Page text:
The construction industry, like most business sectors, is continuously improving standards, so a building which only meets the minimum statutory requirements today would be considerably more environmentally friendly than an equivalent building built 10 or 20 years ago. Andrew Smith reports…
As statutory minimum standards, best practice and industry standards continue to develop, as well as the continuous introduction of new materials, new construction techniques and new technology, construction will also continue to evolve. It is the speed of this evolution that can affect costs, early adopters investing in new or untested technology, will pay a premium, and this can be a gamble which might or might not pay off.
Reducing the environmental impact of construction and operation of buildings is a large part of this continuous improvement. Almost every part of a new building can be designed and built more sustainably. Optimising energy use, for example, will probably require a better performing building envelope, as well as more sophisticated energy management and monitoring technology.
Recent research shows that the additional cost of achieving a BREEAM rating of Very Good is minimal and the additional cost to upgrade from Very Good to Excellent may be in the region of 2% to 5%. The cost to achieve BREEAM Outstanding, the highest level of performance, can be significantly more. However, this is only targeted by the top 1% of properties and represents the ‘exemplar’ or ‘world class’ category in the current market. With BREEAM Very Good being the minimum standard now required by many local planning authorities, what is the motivation and what incentives exist to encourage developers to go beyond this level and pay the additional cost needed to achieve the higher sustainability standards?
The majority of the Government’s construction legislation takes the ‘stick’ approach, setting minimum standards for energy performance and requiring an understanding of carbon reduction measures that reflect the wider global agenda on sustainability and climate change. The direct impact on construction costs can be seen, for example, in the introduction of landfill taxes on the removal and processing of waste in 1996. This is now reflected in greater attention to recycling and waste avoidance. More demanding Building Regulations have also made it more expensive to build, but at the same time purchasers and occupiers have begun to value sustainability when they make buying choices.
The European Union also takes a similar approach which has a direct impact on construction with initiatives like banning incandescent lights, and R22 refrigerant which was commonly used in air conditioning plant. The European Urban Access Regulations, however, have an indirect impact on construction and sustainability targets as deliveries to sites in central London need to comply with the air pollution targets and low emission zones. To comply with the regulations the whole supply chain needs to keep their vehicles up to date, a cost which will filter down to all end-user clients. If vehicles are not compliant with the emission targets it can cost as much as £200 per day to enter low emission zones, which would increase a contractor’s preliminary costs.
So, is the carrot approach a more effective way of achieving the wider adoption of sustainable practices in the marketplace? Successive UK Governments have sought to introduce regulations (such as the Climate Change Act), in part to meet international protocols but also to incentivise innovation and the adoption of green technology. One effective example is the Enhanced Capital Allowance scheme which promotes investment in energy and water efficient equipment and systems. Whilst a limited number of components and products qualified for this favourable tax relief, there is now widespread adoption by end users. Indeed in some instances, there is a considerable benefit associated with selecting these components over non-qualifying assets.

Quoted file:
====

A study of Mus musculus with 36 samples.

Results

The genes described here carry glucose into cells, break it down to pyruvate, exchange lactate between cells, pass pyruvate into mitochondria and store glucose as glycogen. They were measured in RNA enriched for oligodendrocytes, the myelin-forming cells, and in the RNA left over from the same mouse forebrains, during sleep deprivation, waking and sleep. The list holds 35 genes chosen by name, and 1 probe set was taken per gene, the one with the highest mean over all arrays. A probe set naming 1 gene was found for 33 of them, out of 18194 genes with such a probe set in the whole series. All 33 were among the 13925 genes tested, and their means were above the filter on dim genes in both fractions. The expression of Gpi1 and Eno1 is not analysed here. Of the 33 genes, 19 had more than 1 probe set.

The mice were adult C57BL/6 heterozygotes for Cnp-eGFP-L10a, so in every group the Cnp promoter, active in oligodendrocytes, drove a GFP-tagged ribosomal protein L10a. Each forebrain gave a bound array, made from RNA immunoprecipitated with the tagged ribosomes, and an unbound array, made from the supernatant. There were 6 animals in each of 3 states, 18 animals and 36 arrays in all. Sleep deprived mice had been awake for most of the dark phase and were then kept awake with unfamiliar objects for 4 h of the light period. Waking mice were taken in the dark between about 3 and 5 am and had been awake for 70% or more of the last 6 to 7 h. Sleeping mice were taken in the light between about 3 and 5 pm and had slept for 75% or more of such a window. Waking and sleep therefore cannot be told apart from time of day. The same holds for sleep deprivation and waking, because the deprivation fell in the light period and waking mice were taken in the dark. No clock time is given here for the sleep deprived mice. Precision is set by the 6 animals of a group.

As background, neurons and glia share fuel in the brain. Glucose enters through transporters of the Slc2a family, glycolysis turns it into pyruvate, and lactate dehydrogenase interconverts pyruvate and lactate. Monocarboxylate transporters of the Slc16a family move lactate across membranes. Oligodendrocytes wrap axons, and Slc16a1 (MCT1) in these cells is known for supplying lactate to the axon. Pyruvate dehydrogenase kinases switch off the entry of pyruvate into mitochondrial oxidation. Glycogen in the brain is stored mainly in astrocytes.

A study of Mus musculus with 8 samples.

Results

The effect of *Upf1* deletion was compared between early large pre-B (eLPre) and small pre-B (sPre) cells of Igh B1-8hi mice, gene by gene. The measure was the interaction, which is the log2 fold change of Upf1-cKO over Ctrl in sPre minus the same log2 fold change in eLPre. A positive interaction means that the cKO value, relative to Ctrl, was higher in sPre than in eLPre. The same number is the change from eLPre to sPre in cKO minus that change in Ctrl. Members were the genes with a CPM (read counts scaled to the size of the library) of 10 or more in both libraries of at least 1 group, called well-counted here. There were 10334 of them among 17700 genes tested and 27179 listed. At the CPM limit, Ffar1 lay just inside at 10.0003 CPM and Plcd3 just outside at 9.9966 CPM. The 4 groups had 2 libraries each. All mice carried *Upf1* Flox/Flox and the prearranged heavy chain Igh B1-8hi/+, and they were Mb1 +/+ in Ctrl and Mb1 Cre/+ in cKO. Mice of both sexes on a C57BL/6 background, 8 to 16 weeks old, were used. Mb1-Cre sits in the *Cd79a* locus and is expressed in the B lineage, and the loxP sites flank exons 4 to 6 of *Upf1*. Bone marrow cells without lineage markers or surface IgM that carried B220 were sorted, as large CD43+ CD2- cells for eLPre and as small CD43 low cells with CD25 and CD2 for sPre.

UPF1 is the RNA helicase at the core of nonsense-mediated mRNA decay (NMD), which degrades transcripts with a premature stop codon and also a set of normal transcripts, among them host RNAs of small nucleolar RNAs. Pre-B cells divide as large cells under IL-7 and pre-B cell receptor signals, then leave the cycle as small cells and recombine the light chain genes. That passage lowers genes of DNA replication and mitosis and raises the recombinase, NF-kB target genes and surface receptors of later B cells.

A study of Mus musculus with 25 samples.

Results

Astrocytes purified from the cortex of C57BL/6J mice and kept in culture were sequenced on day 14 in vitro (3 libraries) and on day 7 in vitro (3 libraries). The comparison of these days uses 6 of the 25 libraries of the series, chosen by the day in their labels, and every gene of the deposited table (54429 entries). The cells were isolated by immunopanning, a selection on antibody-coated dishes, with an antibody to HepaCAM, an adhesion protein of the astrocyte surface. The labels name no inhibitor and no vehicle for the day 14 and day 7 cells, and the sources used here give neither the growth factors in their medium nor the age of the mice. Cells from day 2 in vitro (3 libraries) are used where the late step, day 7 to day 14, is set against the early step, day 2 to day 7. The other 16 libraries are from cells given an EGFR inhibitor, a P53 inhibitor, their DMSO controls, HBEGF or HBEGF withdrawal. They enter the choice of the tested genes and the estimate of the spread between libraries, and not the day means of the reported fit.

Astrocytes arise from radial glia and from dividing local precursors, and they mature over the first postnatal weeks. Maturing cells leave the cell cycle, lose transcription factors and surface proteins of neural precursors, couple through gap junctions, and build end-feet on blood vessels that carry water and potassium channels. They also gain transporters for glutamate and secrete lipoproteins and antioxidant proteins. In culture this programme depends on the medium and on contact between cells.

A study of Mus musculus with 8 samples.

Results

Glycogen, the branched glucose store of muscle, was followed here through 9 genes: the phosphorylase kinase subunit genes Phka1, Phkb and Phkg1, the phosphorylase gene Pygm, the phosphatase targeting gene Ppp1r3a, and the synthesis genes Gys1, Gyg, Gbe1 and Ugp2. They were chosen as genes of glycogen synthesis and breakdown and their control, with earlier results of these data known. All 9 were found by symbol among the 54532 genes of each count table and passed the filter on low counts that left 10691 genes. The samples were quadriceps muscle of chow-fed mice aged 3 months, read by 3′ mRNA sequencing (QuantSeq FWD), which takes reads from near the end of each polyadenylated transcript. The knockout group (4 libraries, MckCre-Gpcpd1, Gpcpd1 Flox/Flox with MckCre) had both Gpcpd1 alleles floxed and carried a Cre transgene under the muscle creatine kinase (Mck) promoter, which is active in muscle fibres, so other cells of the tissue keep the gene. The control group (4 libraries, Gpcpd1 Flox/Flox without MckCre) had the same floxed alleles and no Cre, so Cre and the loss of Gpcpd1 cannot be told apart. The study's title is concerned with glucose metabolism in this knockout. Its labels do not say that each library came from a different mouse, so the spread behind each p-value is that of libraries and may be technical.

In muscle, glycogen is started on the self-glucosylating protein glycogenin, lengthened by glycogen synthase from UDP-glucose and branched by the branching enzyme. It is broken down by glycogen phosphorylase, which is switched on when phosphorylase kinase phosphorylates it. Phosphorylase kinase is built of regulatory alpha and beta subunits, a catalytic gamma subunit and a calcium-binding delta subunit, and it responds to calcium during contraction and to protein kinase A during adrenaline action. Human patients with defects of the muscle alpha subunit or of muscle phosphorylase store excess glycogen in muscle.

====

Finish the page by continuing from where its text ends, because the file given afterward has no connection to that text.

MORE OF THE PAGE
Real change needs everyone involved in the development of buildings to take a longer term view of the benefits that can be achieved over the full life cycle of a building, or a fit out project, looking beyond the initial capital cost. This requires an understanding of the client’s capital and operational budgets, and an understanding of how a client depreciates their assets. For example, the decision to install more expensive LED lighting, rather than standard fluorescent lamps, brings benefits from increased energy efficiency, reliability and longer lamp life, and, due to falling costs, can reduce the payback period in refurbishment projects to less than 2 years.
As an industry we need to look at the bigger picture and see the long-term benefits of sustainable choices when we make decisions about the way we build, fit-out and refurbish our buildings. As market awareness continues to increase, the cost of going green will provide financial benefits in the future both for the occupier (reduced operating costs improved productivity) and the investor (increase in value). Through a combination of effective legislation, the value placed on corporate social responsibility by businesses and individuals’ willingness to look beyond the short term the built environment can help deliver a positive and sustainable change.
Andrew is a Director within CBRE’s Building Consultancy and Planning team. Andrew joined CBRE in 2014. Previously at EC Harris, he worked both in the UK and Moscow, with clients including Barclays, BDO Stoy Hawyard, Shire Pharmaceuticals, BAA, Bank of America, Deutsche Bank, Metro Cash and Carry and Kingfisher/Castorama. Andrew has extensive experience in all aspects of commercial and financial management of major fit out projects. He has managed teams of surveyors in many projects from inception through to completion and has developed strong working relationships with many of the UK’s leading consultancies.